We Conduct Job Interviews To Try To Predict What They Will Be Like After We Hire Them.
By Thomas J. Roach
Employment interviews are like a game. The interviewee anticipates what the interviewer wants the new hire to be like and appears to be that person. The interviewer should know that the interviewee is anticipating what they want and try to ask questions that will reveal what the interviewee is really like.
A smart interviewee will have researched the job and the company, and maybe even the interviewer. If the interviewer lets the interviewee control the interview, the conversation will only address issues that make a positive impression.
The interviewer will come away from the interview thinking that the interviewee is more than qualified for the job, that they have common interests, that they will enjoy synergistically working together, and that they will probably become best friends forever.
Then six months later the interviewer realizes that the new hire isn’t a perfectionist whose biggest weakness is working too hard, isn’t really a people person, isn’t passionate about the mission statement, and doesn’t love country music and square dancing.
This would be funny if other employees were not working overtime to compensate for the new hire’s ineptitude and the manager wasn’t looking forward to six more months of psychological wrangling trying to get rid of the new hire and running another search.
Why We Conduct Interviews
We don’t conduct job interviews to hire new employees. We conduct job interviews to try to predict what they will be like after we hire them. The few hours spent preparing for and conducting job interviews can save thousands of wasted manhours in the future.
Past experience is the best predictor of future experience, and it should be the focus of the interview. After the search committee or human resources have vetted candidates for qualifications, and it is time for the manager and coworkers to do the determinant interview and make a hiring decision, they should conduct a probing interview that zeros in on the candidate’s behavior in previous jobs.
An example of a good strategic question is “Tell me about a group project you worked on that didn’t go so well.” This puts a mind screw on the interviewee because they want to demonstrate how cooperative and open they are, but to do so, thy have to discuss something that may put them in a negative light.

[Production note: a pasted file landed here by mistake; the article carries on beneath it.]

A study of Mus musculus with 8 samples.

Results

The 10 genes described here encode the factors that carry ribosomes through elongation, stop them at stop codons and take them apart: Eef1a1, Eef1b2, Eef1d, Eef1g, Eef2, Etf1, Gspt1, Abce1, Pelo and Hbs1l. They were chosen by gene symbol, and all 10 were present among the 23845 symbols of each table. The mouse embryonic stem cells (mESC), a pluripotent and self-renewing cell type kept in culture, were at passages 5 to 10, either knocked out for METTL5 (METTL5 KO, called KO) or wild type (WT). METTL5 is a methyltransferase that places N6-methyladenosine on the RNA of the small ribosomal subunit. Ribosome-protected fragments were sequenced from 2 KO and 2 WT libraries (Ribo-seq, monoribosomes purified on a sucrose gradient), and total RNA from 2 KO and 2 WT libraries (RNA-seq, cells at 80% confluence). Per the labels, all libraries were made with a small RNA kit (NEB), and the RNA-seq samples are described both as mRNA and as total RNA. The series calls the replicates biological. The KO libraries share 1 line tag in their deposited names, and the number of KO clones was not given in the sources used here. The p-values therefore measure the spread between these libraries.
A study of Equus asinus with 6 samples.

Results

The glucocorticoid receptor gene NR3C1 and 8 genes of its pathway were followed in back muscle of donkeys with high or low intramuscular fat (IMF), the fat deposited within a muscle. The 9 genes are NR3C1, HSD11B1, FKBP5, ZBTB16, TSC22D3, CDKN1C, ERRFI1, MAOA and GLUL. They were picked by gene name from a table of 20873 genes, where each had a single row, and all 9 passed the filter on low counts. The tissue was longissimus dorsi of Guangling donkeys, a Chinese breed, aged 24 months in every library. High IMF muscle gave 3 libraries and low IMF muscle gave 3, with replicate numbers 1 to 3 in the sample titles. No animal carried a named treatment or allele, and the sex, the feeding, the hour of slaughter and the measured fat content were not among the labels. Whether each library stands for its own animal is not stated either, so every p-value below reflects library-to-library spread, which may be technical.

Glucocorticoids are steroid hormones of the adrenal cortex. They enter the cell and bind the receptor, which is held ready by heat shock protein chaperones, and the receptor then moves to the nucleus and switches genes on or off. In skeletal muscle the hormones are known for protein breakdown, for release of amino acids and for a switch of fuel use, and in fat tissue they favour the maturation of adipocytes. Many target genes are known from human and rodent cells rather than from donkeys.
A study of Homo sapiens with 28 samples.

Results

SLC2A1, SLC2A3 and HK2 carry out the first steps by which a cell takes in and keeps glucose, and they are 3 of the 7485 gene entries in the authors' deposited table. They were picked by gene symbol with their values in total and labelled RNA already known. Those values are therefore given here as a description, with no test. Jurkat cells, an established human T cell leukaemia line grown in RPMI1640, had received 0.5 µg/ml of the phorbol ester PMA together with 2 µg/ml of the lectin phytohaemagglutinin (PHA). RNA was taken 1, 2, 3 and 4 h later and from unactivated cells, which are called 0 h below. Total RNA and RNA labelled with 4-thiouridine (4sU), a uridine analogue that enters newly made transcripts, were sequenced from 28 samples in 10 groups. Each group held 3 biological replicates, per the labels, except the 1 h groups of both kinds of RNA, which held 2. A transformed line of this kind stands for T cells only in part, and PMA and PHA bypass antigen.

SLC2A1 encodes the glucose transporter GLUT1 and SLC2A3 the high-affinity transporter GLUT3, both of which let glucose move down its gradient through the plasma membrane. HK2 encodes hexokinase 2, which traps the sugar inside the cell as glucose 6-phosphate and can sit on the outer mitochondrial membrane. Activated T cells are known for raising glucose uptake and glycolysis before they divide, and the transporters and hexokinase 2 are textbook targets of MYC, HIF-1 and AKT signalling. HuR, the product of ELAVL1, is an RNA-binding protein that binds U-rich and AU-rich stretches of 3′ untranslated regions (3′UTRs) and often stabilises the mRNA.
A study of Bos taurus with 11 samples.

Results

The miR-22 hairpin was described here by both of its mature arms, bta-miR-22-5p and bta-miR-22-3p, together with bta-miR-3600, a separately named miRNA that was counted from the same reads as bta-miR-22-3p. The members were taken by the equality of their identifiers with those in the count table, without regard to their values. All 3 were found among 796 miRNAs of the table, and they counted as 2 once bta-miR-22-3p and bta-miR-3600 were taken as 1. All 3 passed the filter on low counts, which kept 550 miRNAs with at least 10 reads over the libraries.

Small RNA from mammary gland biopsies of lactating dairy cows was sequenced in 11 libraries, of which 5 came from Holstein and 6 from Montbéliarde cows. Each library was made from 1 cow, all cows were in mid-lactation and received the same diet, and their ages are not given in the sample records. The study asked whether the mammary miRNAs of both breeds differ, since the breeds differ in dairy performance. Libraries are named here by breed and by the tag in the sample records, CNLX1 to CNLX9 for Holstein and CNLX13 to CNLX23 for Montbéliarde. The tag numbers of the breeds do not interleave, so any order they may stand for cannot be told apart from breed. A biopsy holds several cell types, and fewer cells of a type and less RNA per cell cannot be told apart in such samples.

Once the interviewee sets the scene and explains the problem, the interviewer can start taking it apart with questions like, “Looking back on it, what might you have done differently?” That may lead to asking, “Why would you do that?”
The story told by the interviewee isn’t as important as the insights the interviewer gets into their work habits, relationships with coworkers, and thought processes.
Another Revealing Question
Another revealing question to ask is, “Consider your previous jobs and tell me about your favorite supervisor.” This can lead to follow-up questions about their working relationship. And, after this line of questioning is exhausted, the next primary question can be, “What was your least favorite supervisor like?” An honest and realistic job candidate should be able to have this conversation; someone who can’t probably isn’t mature enough to be hired.
If the job candidate is a new college graduate, the question can be converted to “Tell me about your favorite class.” Follow-up questions might reveal if the student was eager to learn, interacted with the professor, or was motivated to work on a project with other students.
Good job interviewers are like a therapists. They walk job candidates through past experience and observe details, measure intensity, and ask them to evaluate their actions.
No interview technique is foolproof, but when a probing behavior-based interview is finished, the interviewer should have a good idea of the interviewee’s work habits and will be able to eliminate a degree of chance from the hiring process.
Thomas J. Roach Ph.D., has 30 years experience in communication as a journalist, media coordinator, communication director and consultant. He has taught at Purdue University Northwest since 1987, and is the author of “An Interviewing Rhetoric.” He can be reached at [email protected].